Seeing a big cat in the wild is top of many people’s bucket list on safari. But why? William Gray explains the abiding appeal of observing lion, leopard and cheetah in the wild and what makes them so captivating
Early morning sunlight seeped through the bush, a molten tide that gilded the acacia trees and ignited the feathery grass heads. When it touched the lions, sprawled in a clearing, they responded lazily. A young male stood, stretched and flopped, while the rest of the pride rolled in the grass, pawing and nuzzling one another in a feline tangle of tawny limbs and black-tipped tails. They barely glanced in our direction. We were parked just a few metres away, yet the big cats seemed completely indifferent to our presence.
The adoring human, the nonchalant cat — an encounter that’s been played out on just about every safari I’ve been on over the past 30 years. And yet the prospect of a big cat sighting still gets my spine tingling more than anything else. It’s not that I’m particularly into cats. I’m more of a doggy person. Our pet labrador is part of the family — we’re besotted with her — but I rarely yearn to see a jackal or a bat-eared fox. What, then, makes me, or anyone for that matter, a big cat lover?
I can trace the start of my love affair with Africa’s big cats back to 1986, before I’d ever been on safari. My parents had given me a book, Among Predators and Prey by Dutch photographer and filmmaker Hugo van Lawick. The cover of my now battered, well-thumbed copy bears a remarkable image of a Thomson’s gazelle somersaulting over a wild dog, mid-chase. But the book naturally falls open to another image showing a lioness breaking from cover, charging towards the camera, her gaze locked on the slowest of five gazelle fleeing before her. By today’s technically high standards, it’s nothing special — the focus isn’t even razor sharp — but 30-odd years ago, that photograph not only screamed ‘Africa!’ at me, but also perfectly captured the energy and thrill of the hunt.
Is that why we’re all so obsessed with seeing big cats on safari? A sense of anticipation? That split second when dozing pussy cat switches to keen-eyed killer? Never mind the impending doom of the gazelle or zebra… when the lions’ ears prick alert, shoulder muscles bunch and tails start twitching, we’re all on the edge of our seats, poised for drama, our money on the cats.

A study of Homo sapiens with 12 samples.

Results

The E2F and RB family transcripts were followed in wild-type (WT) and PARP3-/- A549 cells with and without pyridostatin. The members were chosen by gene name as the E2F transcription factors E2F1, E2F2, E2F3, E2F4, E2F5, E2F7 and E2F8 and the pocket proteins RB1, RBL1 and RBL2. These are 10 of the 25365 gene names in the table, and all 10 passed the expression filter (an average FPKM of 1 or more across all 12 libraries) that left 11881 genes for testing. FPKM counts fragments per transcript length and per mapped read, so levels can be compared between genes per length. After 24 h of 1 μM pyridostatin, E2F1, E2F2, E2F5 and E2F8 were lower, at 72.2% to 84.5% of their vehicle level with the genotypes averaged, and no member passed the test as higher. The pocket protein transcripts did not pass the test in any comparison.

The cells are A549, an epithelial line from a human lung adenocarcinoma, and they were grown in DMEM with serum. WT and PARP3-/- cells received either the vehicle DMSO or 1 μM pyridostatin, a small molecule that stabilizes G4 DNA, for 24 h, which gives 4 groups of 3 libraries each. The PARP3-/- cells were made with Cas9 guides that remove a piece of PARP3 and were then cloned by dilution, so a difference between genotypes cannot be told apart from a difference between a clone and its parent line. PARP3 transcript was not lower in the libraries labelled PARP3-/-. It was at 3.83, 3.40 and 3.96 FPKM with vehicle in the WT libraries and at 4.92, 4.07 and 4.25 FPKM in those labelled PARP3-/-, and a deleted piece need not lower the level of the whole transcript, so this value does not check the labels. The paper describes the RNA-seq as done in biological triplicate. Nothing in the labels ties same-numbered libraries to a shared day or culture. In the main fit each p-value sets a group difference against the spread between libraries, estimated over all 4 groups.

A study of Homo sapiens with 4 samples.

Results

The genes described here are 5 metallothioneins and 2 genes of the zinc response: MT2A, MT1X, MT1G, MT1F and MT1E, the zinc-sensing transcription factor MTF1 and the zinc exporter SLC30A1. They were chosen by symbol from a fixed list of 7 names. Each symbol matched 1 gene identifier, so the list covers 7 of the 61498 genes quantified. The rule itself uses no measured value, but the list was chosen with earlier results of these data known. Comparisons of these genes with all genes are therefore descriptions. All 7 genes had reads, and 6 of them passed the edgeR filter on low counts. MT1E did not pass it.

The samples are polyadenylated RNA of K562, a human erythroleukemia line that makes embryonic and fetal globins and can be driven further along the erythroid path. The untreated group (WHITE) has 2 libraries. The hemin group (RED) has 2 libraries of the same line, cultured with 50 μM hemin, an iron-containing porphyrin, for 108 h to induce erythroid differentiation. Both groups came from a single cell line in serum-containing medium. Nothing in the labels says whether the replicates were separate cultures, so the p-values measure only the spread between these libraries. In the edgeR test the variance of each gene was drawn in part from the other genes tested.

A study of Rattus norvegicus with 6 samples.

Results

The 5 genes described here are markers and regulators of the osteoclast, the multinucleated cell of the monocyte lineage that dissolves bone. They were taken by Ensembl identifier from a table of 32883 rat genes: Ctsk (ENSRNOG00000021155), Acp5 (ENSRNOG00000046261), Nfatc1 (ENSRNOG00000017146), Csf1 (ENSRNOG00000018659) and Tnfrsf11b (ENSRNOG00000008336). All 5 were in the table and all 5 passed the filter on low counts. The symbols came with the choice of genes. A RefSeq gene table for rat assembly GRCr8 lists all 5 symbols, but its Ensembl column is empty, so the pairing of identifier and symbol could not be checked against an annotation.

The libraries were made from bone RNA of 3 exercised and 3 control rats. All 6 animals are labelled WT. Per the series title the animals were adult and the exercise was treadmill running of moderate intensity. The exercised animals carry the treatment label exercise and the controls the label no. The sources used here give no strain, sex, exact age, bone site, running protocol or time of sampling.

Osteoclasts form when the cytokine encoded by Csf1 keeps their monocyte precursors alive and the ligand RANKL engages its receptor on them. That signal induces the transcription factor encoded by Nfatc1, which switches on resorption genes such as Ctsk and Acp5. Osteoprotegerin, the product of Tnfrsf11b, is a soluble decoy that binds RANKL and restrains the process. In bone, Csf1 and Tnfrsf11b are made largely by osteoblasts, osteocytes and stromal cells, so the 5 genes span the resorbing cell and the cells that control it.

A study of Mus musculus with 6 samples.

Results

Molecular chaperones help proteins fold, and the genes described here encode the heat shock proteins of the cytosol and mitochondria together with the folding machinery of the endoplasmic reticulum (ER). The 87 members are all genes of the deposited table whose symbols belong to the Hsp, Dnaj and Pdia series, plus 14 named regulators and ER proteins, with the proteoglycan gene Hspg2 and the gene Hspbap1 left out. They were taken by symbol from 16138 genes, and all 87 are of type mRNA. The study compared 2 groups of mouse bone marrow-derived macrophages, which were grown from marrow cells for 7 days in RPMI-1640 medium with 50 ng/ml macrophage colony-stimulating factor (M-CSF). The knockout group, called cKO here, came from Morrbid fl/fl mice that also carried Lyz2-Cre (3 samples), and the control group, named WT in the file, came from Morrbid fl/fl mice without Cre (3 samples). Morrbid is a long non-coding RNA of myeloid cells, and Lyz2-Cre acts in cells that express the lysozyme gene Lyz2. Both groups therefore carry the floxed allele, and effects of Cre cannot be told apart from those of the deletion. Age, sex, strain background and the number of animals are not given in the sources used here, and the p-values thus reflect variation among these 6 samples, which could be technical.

“We had an amazing safari — we saw lions make a kill!” Have you noticed how often you hear people judging the success of their safari by whether it featured big cats hunting? I don’t believe it’s the actual process of killing that holds us rapt. We’re not all baying for blood. Several years ago, during a visit to Kenya’s Tsavo East National Park, I witnessed lions hunting a waterbuck next to my tent. There was no pleasure in hearing the death throes of the antelope, the crunching of teeth on sinew and bone, or of seeing the cats, bloody-faced at dawn, pulling long coils of intestines from the corpse of their victim. That’s what big cats do. Rather than a macabre fascination with the act of killing, we simply have a desire to witness these supreme predators in action — just as a motor enthusiast admires the most powerful, beautifully made racing cars at full throttle, but flinches if they crash.
I once spent a memorable few days in the southern Serengeti. Our camp was pitched in a shady grove of acacia trees a short distance from the Ndutu Plains where, from January to March, wildebeest gather in huge numbers to give birth. One afternoon, we found a female cheetah with three almost fully-grown cubs lying up in asparagus scrub on the edge of the plains. Every time a herd of Thomson’s gazelle or wildebeest wandered past, the cats were instantly alert — four spotted heads turning in unison to follow them. We joined the cheetahs’ vigil, watching them and their prey from a respectful few hundred metres. Five hours passed. The cheetah never got quite close enough to launch an attack (and I would still love to see one at full pelt), but it was a privilege just to spend time in their company, watching them interact with one another.